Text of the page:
Friday, 1 June 2012

The Video World of Kindness

"World, You Need A Change Of Mind" Teaser Video

Kindness, aka Adam Bainbridge, makes often sultry but usually fun house music that wears its maker's influences on his sleeve: Arthur Russell, Prince, and overseas contemporaries such as Ariel Pink and Toro Y Moi. His debut album, produced in association with Philipe Zdar of Cassius (who has also worked with the likes of Phoenix and the Rapture) is entitled World, You Need A Change Of Mind and was released back in March. I've been listening to it quite a lot recently, and forgive me if I haven't made up my mind about it completely yet, but it is addictive stuff. A whole new level of appeal comes from it's associated music videos, which play out more like extended pastiches most of the time. They seem to exist more for themselves than they help the listener with a visual accompniment to songs from the album, but there clearly is a lot of love there. Bainbridge is a real personality with a strand of British humour that in addition to the music has earned him a dedicated following. Tounge-in-cheek is not the word.

"Cyan" - (dir. Adam Bainbridge)

This first video was posted on YouTube a while back (October 2011) and is easily the simplest we've seen from Kindness. It's just Bainbridge walking around New York, and occasionally in front of a cyan-coloured screen (get it?). It's pretty well filmed though, some especially nice dark shots towards the end, and the bouncy feel of the song makes it feel adventurous.

"Gee Up" (dir. Adam Bainbridge)

Here things start to get weird. "Gee Up" really shows off Bainbridge's oddball personality. The song itself is under two minutes long, so the rest of the video is filled out by a series of unconnected on-set jokes. an angry, unimpressed French director looks on as Bainbridge inspects his bandmate's legs (notice, a completely different band to that playing the song). And we never do find out what the band spends all their money on.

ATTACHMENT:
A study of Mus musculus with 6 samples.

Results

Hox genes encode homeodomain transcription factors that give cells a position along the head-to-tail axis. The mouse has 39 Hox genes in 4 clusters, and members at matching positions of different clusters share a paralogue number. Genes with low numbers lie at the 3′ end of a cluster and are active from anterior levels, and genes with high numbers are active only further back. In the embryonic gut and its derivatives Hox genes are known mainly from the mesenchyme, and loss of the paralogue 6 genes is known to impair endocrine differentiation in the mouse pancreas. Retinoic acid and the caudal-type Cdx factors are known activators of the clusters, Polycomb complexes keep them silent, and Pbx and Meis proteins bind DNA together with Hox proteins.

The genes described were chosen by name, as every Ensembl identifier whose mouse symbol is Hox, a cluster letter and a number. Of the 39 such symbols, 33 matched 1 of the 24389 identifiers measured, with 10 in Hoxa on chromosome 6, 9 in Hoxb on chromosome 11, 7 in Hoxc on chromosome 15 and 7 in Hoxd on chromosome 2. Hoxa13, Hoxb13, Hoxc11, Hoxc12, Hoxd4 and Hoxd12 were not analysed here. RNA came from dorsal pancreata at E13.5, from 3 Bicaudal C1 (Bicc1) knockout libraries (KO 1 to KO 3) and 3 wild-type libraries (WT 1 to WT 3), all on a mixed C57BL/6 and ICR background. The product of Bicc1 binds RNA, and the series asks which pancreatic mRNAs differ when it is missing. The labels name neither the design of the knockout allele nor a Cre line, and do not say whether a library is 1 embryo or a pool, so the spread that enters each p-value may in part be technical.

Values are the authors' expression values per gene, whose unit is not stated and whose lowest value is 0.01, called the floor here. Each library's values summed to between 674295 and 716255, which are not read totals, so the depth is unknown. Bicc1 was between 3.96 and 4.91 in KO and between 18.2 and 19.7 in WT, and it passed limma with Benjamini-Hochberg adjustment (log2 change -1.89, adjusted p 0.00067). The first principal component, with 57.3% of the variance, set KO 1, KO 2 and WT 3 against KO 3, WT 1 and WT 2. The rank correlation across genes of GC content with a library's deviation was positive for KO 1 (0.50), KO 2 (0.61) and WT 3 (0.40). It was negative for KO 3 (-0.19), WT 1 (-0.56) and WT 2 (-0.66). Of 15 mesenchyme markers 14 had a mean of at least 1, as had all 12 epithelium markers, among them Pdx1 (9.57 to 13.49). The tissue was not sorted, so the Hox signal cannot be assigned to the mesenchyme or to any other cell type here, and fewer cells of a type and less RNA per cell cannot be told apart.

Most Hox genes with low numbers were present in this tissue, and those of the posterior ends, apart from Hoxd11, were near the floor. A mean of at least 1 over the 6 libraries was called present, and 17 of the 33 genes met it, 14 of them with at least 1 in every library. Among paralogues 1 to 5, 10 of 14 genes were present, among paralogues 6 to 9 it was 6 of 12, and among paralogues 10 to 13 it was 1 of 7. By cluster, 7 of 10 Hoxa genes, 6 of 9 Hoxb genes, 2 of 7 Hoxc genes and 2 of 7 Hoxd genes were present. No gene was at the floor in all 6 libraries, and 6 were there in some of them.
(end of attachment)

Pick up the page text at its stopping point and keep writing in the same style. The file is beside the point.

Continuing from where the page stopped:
"House" (dir. Dan Brereton)

You'd be forgiven for not even calling this one a real music video, as the song barely features at all. Bainbridge begins with a faithful reinterpretation of Leonard Bernstein's 1967 CBS documentary Inside Pop: The Rock Revolution (here in full if you have the time), but then teaches a kid how to play the drum machine parts of the song, before they both end up dancing vigorously. How Bainbridge maintains a straight face here is beyond me, some excellent ad-libbing going on.

Thoughts on World, You Need A Change Of Mind
Like I said, still not completely sure. For every compelling moment there is at least another average one. The strongest moments are the three songs featured in the videos, and "That's Alright", a huge, progressive disco number that comes out of nowhere. Two of the songs are covers and are found early on in the album: the Replacements' "Swingin Party" and "Anyone Can Fall In Love" by Anita Dobson are pretty unique and bold choices, but are executed mostly well once you can get past the idea you're listening to the Eastenders theme. The remaining tracks aren't bad but are mostly forgettable, and this is after hearing them several times. If I keep listening to this album I might eventually put it on the 2012 Recommended Albums list, but my scepticsm is keeping me at bay for now.